Equities

China Small Caps Up as CSRC Targets "Zombie" Firms, Eases Fears

CSRC clarifies new rules aim at "zombie" firms, not all small caps, easing delisting fears after an 11% CSI 2000 Index drop.

By Athena Xu

4/16, 22:26 EDT

  • CSRC clarifies new stock rules aim at "zombie" firms, not all small caps, easing fears after the CSI 2000 Index dropped 11%.
  • Only ~30 companies face delisting risk under new criteria, with a market value threshold set at less than 500 million yuan.
  • Recent regulatory efforts signal a stronger stance on market integrity, increasing delistings of low-quality firms since 2020.

Regulatory Reassurance

In an effort to stabilize market sentiment following a downturn in small-cap shares, the China Securities Regulatory Commission (CSRC) has stepped forward to clarify the intentions behind the newly introduced stock exchange rules. Guo Ruiming, a director at the CSRC, emphasized in a recent Q&A session that the regulatory amendments are specifically aimed at addressing issues with "zombie" companies and "bad actors" within the market, rather than targeting small-cap companies as a whole. This clarification comes after the CSI 2000 Index, which tracks small-cap companies, experienced an 11% drop over two consecutive days, reflecting investor concerns over the potential for increased delistings under the new framework.

Market Reaction and Regulatory Goals

The announcement from China's State Council regarding tighter stock listing criteria and enhanced market supervision led to significant market volatility, particularly among small-cap stocks. The CSI 2000 Index's sharp decline was a direct response to fears that the new rules would lead to a wave of delistings. However, the CSRC's reassurances aim to mitigate these concerns by highlighting the targeted nature of the regulatory changes. The measures introduced by the State Council, which include stricter listing criteria, a crackdown on illegal share sales, and improved supervision of dividend payouts, are designed to improve the overall quality and integrity of the market.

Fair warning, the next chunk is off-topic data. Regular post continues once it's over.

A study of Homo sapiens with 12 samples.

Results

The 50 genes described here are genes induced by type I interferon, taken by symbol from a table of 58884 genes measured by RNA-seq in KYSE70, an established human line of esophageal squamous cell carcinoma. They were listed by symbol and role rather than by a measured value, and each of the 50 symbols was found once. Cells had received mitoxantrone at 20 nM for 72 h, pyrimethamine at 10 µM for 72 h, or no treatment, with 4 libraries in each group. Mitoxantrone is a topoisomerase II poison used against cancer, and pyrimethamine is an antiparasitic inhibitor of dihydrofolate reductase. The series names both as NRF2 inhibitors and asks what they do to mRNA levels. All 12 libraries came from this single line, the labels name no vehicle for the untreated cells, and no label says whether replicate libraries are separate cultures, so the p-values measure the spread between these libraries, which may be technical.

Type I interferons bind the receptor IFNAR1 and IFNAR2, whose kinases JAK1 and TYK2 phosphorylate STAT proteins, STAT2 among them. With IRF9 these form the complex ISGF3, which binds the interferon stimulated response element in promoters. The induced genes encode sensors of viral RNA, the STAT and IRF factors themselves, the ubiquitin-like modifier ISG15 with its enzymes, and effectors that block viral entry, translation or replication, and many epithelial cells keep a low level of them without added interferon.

Delisting Thresholds and Expectations

To further alleviate market anxieties, the CSRC provided concrete estimates regarding the potential impact of the new rules on delistings. According to their calculations, only about 30 companies are at risk of being delisted next year based on their financial metrics. An additional 100 firms could be designated with a "special treatment" warning, indicating potential delisting risks, but these companies will be given more than 18 months to improve their performance. The new regulatory framework also introduces a market value threshold for delisting, targeting companies valued at less than 500 million yuan for removal from the Shanghai and Shenzhen exchanges. Presently, only four firms fall below this threshold.

Historical Context and Future Outlook

The initiative to refine the delisting mechanism is part of a broader effort by China's securities watchdog to enhance market integrity, a process that began in earnest in 2014 with the identification of 27 delisting scenarios. Despite these efforts, the actual number of companies removed from the public market has been relatively low, with fewer than 20 firms delisted between 2014 and 2019 out of the 1,300 that went public during that time. However, the pace of delistings has picked up since the introduction of stricter rules at the end of 2020, signaling a more assertive regulatory stance towards maintaining market quality.